The Lebanon war of 2006 changed the political environment in the Arab Middle East at two levels. The first was temporary and receded after the thirty-three day war had ended. The second, however, was structural and rooted in the reality of Arab societies, where the practices of ruling elites and opposition movements reveal the fragility of opportunities for democratic change.
The temporary change was the return of regional issues, particularly the Arab-Israeli conflict, to the forefront of public concern. This seriously undermined discussion of internal reform, which had dominated debate for the past three years. The fallout of the Lebanon war differed from that of the tragic circumstances in Iraq and Palestine in that it was more sudden and dramatic. In addition, Hizbollah leader Hassan Nasrallah's charismatic personality ignited interest in the conflict.
In this context, resistance (advocated by Hizbollah and its supporters in Iran and Syria as well as Islamist and pan-Arab opposition movements) versus restraint (advocated by Arab governments and other voices calling for peace with Israel) became the primary axis of political division, taking the place of democracy versus autocracy. The interplay of ideological and historical themes inherent in the Arab-Israeli conflict led to accusations of capitulation, treason, and betrayal by one side and irrationality and irresponsibility by the other. During the war and shortly thereafter, the political climate became extremely polarized, making it difficult to carry out the consensus-oriented politics required to discuss reform.
Beyond such temporary effects, the Lebanon war highlighted two structural deficiencies that underpin the existing Arab regimes and undermine opportunities for true democratic change. The first is the nation-state's lack of legitimacy as the single framework for political life. Declining popular acceptance of governing elites and their failure to protect human rights and guarantee the minimum requirements of a decent life have aided the rise of populist non-state opposition movements. Such movements—primarily Islamists—have attempted to supersede the state in their rhetoric and programs, drawing their legitimacy instead from the religious and historic idea of the umma (global Islamic community). Despite the important differences between the peaceful political work of the Muslim Brotherhood in Egypt or the Islamic Action Front in Jordan and the militancy of Hizbollah or Hamas, all criticize the nation-state as artificial, illegitimate, and rejected by the people.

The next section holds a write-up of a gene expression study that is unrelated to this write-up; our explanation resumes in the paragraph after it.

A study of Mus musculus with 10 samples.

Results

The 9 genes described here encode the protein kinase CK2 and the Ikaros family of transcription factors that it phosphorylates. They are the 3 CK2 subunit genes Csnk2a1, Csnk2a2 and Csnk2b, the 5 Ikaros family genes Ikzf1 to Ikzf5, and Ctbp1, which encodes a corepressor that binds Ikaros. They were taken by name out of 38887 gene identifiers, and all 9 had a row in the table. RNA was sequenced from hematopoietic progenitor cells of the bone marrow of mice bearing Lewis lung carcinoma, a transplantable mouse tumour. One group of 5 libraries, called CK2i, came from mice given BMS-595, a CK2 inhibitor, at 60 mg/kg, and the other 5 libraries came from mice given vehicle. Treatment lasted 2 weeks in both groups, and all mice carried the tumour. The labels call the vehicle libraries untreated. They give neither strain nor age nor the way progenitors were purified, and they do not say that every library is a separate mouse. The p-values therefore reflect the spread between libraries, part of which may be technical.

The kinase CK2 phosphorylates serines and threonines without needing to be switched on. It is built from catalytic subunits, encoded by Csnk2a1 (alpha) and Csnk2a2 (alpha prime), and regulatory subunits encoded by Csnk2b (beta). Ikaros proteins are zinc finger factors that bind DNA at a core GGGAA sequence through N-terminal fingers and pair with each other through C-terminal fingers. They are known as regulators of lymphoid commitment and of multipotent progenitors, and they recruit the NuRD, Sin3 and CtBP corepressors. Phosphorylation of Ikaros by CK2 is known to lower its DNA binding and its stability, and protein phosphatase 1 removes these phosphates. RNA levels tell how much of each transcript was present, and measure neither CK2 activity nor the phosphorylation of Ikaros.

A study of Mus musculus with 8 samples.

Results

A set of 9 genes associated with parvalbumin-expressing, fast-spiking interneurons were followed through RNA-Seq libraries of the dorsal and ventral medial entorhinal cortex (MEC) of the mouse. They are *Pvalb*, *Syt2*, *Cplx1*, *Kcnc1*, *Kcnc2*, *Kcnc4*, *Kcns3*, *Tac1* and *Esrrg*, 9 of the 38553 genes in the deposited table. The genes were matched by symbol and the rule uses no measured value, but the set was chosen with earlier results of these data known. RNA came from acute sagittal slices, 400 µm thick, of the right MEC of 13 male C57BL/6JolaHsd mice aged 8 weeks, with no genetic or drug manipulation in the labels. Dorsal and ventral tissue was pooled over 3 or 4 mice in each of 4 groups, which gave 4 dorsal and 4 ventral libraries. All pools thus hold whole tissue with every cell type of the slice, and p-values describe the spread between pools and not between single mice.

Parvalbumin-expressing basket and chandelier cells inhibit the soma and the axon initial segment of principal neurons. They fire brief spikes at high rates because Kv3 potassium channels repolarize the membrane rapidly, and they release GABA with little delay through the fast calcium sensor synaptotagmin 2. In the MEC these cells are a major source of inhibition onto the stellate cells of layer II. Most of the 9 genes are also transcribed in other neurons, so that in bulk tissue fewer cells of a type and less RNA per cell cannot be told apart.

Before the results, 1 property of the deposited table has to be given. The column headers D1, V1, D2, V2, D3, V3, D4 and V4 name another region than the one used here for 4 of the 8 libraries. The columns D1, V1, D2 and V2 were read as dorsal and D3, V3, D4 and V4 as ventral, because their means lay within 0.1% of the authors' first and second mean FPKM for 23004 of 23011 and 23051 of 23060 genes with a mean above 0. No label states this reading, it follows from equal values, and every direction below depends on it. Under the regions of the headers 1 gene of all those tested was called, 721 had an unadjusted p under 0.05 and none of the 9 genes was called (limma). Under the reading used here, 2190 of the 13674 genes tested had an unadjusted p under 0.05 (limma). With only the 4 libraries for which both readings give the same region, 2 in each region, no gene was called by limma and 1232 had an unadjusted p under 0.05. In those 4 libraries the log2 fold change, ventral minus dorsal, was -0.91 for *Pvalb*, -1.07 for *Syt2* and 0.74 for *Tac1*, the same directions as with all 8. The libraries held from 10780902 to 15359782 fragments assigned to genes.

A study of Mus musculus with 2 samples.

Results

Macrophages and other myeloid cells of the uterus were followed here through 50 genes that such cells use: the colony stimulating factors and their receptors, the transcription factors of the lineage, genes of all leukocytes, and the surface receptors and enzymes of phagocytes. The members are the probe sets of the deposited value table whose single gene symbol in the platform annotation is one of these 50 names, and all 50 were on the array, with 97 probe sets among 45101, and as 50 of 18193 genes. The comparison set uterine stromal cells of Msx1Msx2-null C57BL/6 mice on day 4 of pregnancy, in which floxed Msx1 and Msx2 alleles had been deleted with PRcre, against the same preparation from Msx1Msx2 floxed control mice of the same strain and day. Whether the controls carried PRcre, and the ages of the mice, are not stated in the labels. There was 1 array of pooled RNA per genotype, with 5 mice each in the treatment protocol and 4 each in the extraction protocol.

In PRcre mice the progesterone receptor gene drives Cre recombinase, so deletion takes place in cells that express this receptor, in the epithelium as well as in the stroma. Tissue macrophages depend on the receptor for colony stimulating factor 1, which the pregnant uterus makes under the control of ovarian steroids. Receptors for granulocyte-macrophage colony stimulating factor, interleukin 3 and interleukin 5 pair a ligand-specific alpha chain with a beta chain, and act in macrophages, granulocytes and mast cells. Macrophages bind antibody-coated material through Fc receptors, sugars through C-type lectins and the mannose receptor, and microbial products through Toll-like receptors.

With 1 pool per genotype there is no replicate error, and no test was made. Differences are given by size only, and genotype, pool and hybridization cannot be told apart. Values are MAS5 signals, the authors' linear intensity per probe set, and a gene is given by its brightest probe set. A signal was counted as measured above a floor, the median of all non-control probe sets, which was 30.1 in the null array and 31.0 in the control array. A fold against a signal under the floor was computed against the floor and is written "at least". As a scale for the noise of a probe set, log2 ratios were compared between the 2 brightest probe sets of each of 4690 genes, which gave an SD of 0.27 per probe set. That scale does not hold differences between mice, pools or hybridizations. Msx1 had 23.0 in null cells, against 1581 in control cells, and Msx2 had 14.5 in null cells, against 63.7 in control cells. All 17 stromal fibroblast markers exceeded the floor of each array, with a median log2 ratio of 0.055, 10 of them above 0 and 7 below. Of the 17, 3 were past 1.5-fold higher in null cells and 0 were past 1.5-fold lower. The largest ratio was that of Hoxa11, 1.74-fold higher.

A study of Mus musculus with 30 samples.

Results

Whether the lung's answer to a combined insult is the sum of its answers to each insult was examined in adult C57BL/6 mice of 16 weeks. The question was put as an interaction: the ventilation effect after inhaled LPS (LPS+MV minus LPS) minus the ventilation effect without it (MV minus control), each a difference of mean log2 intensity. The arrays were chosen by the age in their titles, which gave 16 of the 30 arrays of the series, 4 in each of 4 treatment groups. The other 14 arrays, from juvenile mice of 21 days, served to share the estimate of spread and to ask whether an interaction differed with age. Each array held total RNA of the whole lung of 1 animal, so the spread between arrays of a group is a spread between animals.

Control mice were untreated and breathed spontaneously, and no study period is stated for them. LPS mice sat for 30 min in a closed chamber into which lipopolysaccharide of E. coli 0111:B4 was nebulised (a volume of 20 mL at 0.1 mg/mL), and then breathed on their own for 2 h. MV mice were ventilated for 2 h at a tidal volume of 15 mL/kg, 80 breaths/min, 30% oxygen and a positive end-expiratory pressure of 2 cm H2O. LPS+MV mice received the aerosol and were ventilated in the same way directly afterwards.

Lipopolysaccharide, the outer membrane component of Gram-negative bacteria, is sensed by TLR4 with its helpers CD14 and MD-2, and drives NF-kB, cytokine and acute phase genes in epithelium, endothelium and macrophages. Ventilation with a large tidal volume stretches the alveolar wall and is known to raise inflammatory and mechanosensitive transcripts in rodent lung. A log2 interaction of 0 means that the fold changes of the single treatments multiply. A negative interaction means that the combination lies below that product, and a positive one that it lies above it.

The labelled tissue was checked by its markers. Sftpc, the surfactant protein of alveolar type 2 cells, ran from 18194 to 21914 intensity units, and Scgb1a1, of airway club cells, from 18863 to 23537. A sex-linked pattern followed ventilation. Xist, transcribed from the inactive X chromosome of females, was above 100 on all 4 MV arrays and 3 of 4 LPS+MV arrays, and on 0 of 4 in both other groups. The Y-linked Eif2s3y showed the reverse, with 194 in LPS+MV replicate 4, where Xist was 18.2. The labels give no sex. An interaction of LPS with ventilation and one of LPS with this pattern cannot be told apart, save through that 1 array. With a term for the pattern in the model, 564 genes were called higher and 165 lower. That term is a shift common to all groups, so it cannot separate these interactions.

The Hizbollah operation that initiated the confrontation with Israel in July was no less than an appropriation of the sovereign right to make war or peace, leaping over the state institutions in which Hizbollah is a partner. Similarly, the Supreme Guide of the Egyptian Muslim Brotherhood's call during the war for initiating jihad and sending Egyptians to fight the “Zionist enemy” expressed a desire to sidestep the sovereignty and commitments of the state, including the peace treaty with Israel. It is difficult to discuss political reform in societies beset by the dilemma of choosing between illegitimate authoritarian elites ruling in the name of the nation-state and populist opposition movements cloaked in religious garb, who threaten the sovereignty of the state as a way to open the door to pluralism and the peaceful alternation of power.
Another deficiency highlighted—and heightened—by the Lebanon war is the hegemony of the sacred over political culture. The religious rhetoric on the war was not confined to Islamist movements raising the banner of the “American-Zionist attack” on the Islamic umma but also extended to pan-Arab ruling elites and opposition movements, who replaced their usual Nasserist anti-Israel and anti-Western rhetoric with religious slogans, attempting to ride on the coattails of the Islamists. Even governments and others known for moderation, especially in Egypt and Jordan, formulated their objections to Hizbollah's actions in religious terms, stressing Hizbollah's Shiite character and alluding to the danger of allowing Shiite perspectives to hold sway over the interests of the Sunni majority. Although raising this scarecrow did little to detract from public support for Hizbollah, it showed the extent to which religion has become rooted in the public sphere. Non-Islamist forces—whether government or opposition—have surrendered to the language of religion and other intellectual and ideological currents have been marginalized.
The problem with this intersection of religion and politics—or in other words, the use of religion as the prime justification for political actions—is that it reduces a complicated reality to an unending series of conflicts between good and evil. It also limits to a great extent the energies available within governing and opposition forces for a constructive dialogue aimed at peaceful agreement on the principal issues of democratic transformation, the essence of which is pluralism and pragmatic acceptance of the other.
Amr Hamzawy is a senior associate at the Carnegie Endowment for International Peace. This article was translated from Arabic by Kevin Burnham and Michele Dunne.